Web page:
He was the son of a preacher. He ended up taking his own life. After his resurrection his thoughts came back to him.
My smiles indicate what my true self is supposed to be like. It is like an on and off switch. When someone sees me, my smile turns on automatically. When no one sees me, it turns off. I can’t let them see how miserable I really am.
Many people turn to religion because that is the thing they are supposed to do. Others just try to find happiness. If they see the elders and their families smiling, they will think that their religion works. Out of respect for my father’s preaching, I pretend that I am happy. Little do they know what my true feelings are.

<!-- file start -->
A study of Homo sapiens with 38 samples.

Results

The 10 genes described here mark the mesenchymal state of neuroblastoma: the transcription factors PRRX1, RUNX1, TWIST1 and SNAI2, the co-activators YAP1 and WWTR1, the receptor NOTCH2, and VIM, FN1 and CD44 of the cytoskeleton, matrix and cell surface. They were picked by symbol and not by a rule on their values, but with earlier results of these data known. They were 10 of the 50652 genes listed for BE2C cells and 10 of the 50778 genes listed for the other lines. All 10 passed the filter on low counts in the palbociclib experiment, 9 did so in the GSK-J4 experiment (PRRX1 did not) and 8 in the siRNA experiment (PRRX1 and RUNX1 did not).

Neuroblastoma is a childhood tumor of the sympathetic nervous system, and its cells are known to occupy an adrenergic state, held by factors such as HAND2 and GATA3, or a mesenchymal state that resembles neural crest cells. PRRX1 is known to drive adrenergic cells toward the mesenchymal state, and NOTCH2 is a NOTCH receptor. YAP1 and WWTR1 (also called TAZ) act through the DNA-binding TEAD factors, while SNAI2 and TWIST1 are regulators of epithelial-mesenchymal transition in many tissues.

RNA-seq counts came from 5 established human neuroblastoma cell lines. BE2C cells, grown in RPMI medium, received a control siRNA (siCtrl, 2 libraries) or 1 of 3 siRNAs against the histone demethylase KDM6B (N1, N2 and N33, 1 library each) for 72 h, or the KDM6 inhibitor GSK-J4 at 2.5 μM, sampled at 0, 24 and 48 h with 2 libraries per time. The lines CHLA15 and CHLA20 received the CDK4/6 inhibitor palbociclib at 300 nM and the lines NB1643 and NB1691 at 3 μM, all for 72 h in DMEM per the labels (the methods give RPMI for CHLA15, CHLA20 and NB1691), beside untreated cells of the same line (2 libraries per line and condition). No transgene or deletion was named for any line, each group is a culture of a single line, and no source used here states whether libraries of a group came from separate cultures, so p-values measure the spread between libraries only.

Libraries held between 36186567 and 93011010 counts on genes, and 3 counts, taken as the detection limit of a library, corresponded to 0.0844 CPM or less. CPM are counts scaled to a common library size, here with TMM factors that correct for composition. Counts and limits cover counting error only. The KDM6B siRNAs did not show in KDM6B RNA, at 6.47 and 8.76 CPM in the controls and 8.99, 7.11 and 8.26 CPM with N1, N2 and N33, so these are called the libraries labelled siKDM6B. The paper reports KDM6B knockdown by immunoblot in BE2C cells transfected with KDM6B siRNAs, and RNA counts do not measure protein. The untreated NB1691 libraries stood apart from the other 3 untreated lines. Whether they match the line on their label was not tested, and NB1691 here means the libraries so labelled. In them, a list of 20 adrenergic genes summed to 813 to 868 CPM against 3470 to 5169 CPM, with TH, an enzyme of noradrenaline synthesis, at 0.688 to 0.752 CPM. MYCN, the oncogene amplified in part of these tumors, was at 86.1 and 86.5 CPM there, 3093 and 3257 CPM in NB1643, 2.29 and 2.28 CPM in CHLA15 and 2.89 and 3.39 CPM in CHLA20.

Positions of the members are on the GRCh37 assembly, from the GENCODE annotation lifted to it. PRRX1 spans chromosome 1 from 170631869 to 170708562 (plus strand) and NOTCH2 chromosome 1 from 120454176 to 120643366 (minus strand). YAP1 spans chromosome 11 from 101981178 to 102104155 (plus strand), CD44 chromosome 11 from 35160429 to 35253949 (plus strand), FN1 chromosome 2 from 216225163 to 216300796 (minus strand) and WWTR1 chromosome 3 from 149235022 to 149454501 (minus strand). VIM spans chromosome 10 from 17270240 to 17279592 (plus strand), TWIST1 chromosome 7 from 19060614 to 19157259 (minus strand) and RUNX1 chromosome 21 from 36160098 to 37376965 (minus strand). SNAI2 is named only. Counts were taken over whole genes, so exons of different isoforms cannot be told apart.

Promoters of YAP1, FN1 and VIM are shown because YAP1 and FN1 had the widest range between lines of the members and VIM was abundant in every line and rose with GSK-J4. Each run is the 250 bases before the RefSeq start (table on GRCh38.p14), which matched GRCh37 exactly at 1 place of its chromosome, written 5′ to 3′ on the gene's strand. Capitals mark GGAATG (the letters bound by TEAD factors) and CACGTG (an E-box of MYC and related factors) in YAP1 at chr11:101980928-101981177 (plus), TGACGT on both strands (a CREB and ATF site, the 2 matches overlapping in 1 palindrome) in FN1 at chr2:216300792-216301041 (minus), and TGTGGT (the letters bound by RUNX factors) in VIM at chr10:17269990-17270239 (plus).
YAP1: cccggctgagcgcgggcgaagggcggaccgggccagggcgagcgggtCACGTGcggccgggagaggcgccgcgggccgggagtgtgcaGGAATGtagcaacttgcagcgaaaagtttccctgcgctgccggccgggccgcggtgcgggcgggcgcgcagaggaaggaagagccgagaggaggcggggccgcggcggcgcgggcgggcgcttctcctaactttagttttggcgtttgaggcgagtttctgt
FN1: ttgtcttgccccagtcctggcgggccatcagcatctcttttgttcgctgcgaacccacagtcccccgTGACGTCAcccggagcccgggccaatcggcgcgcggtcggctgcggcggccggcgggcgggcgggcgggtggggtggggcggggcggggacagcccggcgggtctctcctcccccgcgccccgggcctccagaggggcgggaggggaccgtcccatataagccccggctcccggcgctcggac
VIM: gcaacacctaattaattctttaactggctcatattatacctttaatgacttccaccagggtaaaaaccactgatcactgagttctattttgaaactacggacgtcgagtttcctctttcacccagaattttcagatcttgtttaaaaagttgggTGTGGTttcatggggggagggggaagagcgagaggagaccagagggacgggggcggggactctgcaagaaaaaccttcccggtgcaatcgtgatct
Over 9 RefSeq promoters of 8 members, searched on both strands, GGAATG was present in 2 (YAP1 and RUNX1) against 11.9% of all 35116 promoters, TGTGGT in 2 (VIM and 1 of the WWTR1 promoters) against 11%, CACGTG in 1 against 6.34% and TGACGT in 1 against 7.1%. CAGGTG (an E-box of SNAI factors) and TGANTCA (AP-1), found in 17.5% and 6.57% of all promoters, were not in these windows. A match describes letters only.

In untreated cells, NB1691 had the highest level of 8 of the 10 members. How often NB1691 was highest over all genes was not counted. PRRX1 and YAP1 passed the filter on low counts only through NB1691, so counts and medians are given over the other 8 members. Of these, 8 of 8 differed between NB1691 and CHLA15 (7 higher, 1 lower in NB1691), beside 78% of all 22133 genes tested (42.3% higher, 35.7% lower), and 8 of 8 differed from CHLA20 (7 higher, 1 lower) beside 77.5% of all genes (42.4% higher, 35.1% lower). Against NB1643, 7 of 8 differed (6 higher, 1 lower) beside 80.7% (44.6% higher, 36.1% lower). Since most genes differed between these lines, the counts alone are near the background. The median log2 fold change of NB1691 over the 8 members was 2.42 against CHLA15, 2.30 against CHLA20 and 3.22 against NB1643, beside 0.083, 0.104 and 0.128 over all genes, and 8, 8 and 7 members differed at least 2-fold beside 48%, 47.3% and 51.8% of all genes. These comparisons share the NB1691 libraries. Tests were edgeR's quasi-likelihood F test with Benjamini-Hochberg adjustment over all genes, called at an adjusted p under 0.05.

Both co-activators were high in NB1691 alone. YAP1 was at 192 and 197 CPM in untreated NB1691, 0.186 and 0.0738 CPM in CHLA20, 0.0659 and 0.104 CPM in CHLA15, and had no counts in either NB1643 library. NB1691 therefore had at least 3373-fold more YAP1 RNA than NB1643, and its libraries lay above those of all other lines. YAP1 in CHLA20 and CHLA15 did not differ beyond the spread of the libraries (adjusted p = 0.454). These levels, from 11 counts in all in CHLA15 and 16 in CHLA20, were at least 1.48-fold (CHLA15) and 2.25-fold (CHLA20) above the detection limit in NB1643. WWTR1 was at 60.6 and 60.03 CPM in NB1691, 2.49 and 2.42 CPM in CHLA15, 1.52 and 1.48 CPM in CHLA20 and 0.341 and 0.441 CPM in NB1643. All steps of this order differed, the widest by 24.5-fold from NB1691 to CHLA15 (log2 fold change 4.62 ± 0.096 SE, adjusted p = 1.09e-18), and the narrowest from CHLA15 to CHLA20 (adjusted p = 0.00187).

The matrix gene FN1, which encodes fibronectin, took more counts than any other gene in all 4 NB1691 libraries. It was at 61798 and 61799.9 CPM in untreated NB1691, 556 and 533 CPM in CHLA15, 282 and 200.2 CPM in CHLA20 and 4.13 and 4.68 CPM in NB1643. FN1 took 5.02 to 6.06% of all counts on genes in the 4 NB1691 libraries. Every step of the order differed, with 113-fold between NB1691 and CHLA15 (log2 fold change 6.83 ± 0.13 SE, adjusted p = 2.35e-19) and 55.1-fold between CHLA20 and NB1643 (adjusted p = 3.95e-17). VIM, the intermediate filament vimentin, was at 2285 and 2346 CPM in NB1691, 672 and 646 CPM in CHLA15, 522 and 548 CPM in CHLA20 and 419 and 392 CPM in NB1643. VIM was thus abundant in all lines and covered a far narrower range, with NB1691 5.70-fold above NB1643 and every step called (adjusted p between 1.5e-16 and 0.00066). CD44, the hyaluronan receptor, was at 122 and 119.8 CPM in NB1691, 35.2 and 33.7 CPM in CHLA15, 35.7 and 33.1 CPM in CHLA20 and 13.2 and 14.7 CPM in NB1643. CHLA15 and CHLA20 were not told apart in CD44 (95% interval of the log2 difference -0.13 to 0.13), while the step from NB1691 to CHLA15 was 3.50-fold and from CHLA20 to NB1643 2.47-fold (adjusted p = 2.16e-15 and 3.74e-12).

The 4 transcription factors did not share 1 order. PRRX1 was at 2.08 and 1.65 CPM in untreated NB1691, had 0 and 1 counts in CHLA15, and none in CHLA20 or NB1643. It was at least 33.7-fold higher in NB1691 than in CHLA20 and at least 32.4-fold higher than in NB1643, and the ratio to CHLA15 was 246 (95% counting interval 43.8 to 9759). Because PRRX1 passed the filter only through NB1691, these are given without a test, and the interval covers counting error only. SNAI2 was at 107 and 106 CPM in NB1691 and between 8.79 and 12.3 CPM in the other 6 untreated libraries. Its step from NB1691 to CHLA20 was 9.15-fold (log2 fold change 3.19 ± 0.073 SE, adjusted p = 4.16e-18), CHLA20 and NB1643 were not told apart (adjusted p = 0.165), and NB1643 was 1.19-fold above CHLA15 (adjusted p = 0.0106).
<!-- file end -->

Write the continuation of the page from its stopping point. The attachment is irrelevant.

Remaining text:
If the connection between the Holy Spirit and the heart remains pure, my smiles would be a direct result of what the spirit caused it to be. That connection can’t rely on any outside stimuli to nourish it. If it does, it becomes cultivated; how the religion is supposed to affect me as opposed to how it does affect me.
To dig deep into the soul to find what it says and how to react to it is not an intellectual pursuit, but the true desire to find happiness. If that desire comes from something that forced me to find it, it won’t work. It has to be self motivated. I have to let the spirit speak for me; therefore, my true self will expose its vulnerability. If it needs counsel, then so be it.
I couldn’t show any sign of sorrow or malcontent. I had to smile, because that’s what happy people do, and my religion was supposed to make them that way. My smile shone so bright that it covered up my misery. If only someone could have seen my true self. I wouldn’t have committed suicide.
From my book entitled, "A Sage's Diary."